THURVERTON, OR THURLTON.
In this town were several lordships at the town that the grand survey
was made. One was in the King's hand, and William de Noiers took
care of it for the King, of which Stigand the Archbishop was deprived.
One freeman possessed it under Stigand, with 20 acres, half a carncate and an acre of meadow, valued at 2s. there were also 2 freemen
with 10 acres, and 2 borderers, with half a carucate and an acre of
meadow, valued at 16d. and there was here one freeman, the predecessor of Ralph de Beaufoe, with 8 acres, valued at 12d. (fn. 1)
It remained in the Crown, till it was granted to Robert de Beaumont Earl of Leicester, who gave it to the abbey of Preaux in Normundy, with the lordship of Toft in this hundred, of which see there.
The Lord Baynard's manor of Chetgrave extended into this town,
and was held of them by the family of De Rosceline; from that family
it descended to the Lords Willoughby, who held one fee here, in Chatgrave, &c. of the Lords Fitz-Walter, and were patrons of a mediety of
In the 31st of Henry VIII. Sir Nicholas Hare conveyed by fine to
William Read, citizen and mercer of London, the manor of Baynard's
in Thurverton, or Thurleton, with messuages and lands in Thorp,
Raveningham, &c. and his son and heir, William, was lord in the reign
of Queen Mary, and Thomas Ward in the 34th of Elizabeth.
Ash Windham, Esq. lord in 1742, and his son, William Windham,
Esq. succeeded him, who dying in 1761, left his son and heir a minor.
Alan Earl of Richmond, had a small fee, of which a freeman was
deprived, containing 10 acres, with 2 socmen and 4 acres, valued at
16d. (fn. 2)
William de Scohies had the lands of 7 freemen, with the moiety of
another, and Odar held it of William; of these his predecessor, Ralph
de Beaufoe, had the protection only, in the reign of King Edward;
containing 45 acres, and then a carucate and a half, and the moiety
of a church, valued at 10s. with 12 acres. (fn. 3)
Roger Bigot, ancestor of the Earls of Norfolk, had the grant of 22
acres, and half a carucate and an acre of meadow, and Robert (de Vaux)
held it under Roger; this belonged to Hadesco manor. (fn. 4)
Roger, son of Reynard, possessed 20 acres, and half a carucate, and
2 acres of meadow, which a freeman held under the protection only of
Ralph de Beaufoe, valued at 8s. (fn. 5) Of this Roger see in Raveningham.
In Thurverton, also, at the survey were 8 acres, which a freeman of
the predecessor of Ralf de Beaufoe held, then this freeman belonged
to no lordship, but is styled the King's freeman; this was valued at 12d.
H. Malesman, as the hundred witnessed, held it, but at the time he
absconded. (fn. 6)
The town is called in old deeds, often, Thurleton by Hadsco.
The tenths were 40s.—Deducted 6s. 8d.—The temporalities of St.
Bennet's abbey 7s. 1d.—of St. Olave's 6d.;—of Norwich 28s. 6d. ob.;
of Carhow priory 11s.;—of the priory of De Preaux 6s. 5d.
Robert Thurgarton aliened to the priory of Norwich, a cottage and
6 acres of land here and in Toft.
The Church is dedicated to All-Saints, and was a rectory of two
medieties; in the reign of King Edward I. Sir Peter Roscelyn was patron of one mediety, valued at 4 marks, and the rector had a manse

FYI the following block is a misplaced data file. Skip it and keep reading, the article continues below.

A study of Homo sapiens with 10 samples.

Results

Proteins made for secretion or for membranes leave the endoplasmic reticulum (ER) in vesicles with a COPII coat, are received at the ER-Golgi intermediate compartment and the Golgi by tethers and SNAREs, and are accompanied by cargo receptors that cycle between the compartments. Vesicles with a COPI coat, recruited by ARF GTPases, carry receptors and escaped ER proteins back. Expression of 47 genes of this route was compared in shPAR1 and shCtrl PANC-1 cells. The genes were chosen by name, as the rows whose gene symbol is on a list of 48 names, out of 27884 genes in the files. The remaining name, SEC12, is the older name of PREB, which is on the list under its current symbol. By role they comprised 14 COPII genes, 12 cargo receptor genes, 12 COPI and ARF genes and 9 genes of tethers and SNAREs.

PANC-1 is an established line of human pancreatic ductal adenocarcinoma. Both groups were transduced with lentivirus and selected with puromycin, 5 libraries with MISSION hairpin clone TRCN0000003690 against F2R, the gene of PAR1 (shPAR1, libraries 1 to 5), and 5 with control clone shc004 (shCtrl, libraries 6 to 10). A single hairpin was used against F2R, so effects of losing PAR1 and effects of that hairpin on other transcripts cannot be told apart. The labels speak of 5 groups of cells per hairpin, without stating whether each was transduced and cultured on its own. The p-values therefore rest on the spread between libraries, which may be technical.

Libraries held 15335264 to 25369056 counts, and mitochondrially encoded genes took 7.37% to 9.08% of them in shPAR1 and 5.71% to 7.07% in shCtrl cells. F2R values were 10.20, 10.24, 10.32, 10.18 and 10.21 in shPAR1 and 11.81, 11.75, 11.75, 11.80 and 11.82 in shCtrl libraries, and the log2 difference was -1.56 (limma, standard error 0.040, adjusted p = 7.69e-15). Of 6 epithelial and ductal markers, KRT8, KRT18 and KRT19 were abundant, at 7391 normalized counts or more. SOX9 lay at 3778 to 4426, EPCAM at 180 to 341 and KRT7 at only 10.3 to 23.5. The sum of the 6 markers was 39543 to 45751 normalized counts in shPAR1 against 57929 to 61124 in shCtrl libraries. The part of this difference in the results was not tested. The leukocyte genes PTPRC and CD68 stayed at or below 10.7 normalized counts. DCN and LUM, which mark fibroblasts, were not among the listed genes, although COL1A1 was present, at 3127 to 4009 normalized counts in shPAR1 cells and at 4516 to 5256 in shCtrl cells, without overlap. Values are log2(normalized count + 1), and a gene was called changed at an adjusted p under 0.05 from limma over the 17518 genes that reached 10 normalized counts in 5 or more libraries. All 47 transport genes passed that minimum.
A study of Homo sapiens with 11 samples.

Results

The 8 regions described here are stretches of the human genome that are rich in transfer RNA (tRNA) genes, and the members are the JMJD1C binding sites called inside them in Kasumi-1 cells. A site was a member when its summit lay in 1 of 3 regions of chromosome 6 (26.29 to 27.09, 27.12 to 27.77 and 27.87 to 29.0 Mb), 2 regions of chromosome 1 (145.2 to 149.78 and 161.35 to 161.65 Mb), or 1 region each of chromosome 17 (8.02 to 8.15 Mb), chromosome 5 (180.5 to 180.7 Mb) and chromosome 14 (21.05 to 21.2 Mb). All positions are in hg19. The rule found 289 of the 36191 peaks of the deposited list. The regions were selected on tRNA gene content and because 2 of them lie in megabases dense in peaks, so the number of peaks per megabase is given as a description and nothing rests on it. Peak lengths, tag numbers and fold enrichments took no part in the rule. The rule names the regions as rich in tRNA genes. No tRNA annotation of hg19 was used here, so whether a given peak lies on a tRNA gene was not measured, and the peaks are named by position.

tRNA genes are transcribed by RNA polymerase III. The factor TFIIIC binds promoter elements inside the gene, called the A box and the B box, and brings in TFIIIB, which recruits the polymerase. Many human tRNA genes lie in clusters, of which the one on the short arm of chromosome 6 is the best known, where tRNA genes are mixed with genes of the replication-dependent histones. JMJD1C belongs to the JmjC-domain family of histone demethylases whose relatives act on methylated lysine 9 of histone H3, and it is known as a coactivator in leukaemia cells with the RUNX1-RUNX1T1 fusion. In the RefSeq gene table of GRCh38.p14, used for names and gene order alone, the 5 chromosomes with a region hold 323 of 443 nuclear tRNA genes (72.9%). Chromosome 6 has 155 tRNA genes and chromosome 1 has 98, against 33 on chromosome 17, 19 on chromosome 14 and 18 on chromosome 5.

with 15 acres; and Robert de Lodne was patron of the other, valued
also at 4 marks, with a manse and 15 acres; Peter-pence 10d. carvage 8d.
William de Catfield, rector.
1313, William de Elingham, instituted, presented by Sir Peter de
1313, John de Hales, by ditto.
1317, Robert de Rollesby, by ditto.
1326, Mr. Reginald de Goderington, by Sir Thomas de Roscelyn.
1328, John de Lydelyng, by ditto.
In the 6th of Edward III. Thomas de Morle, of Norwich, and
Beatrix (fn. 7) his wife, conveyed to William Bishop of Norwich, the advowson of this church by fine.
In 1333, John de Sydelyng, by the Bishop, to the mediety that was
Robert de Lodne's.
1335, John de Sydelyng, to a mediety. William Ayrmine Bishop of
Norwich bought the patronage of both the medieties, but in the 8th
of Edward III. the hospital of St. Giles in Norwich had license of appropriation of them, on the grant of the said Bishop, who accordingly
appropriated them for a chantry and three chaplains in his chapel, at
the palace in Norwich. Afterwards, Walter Hart Bishop of Norwich,
on the resignation of this church by the proctors of the hospital, remitted the sustentation of the three chaplains, to the said hospital, and
the payment of 6s. 8d. per ann. paid on account of the appropriation,
in the year 1448.
1448, Thomas Lucas, rector, presented by the master of St. Gyles's
1481, Robert Godfrey. Ditto.
1493, Henry Johnson, by ditto.
1504, John Baker, by the mayor, &c. of Norwich.
1559, Arthur Frost, by ditto.
1590, John Beridge, by ditto: in 1603, he returned 140 communicants.
1606, William Laurence, by ditto.
1611, Richard Gamon, by ditto.
Samuel Stinnet, rector.
1663, Robert Cranshaw, by the mayor, &c.
1669, Daniel Weld, by ditto.
1694, Joseph Edwards, by ditto.
1713, Franc. Fayerman, by ditto.
1757, Paul Columbine, by ditto.
The valor was 6l. 13s. 4d.
Against the north wall of the chancel,
Here lyeth Anne Denny, one of the eight daughters and coheirs of
William Sydnor, Esq. and wife of Glover Denny, Gent. who died
March 9, 1665.
In this church was the guild of All-Saints, and the image of St.
Mary on the north side of the church.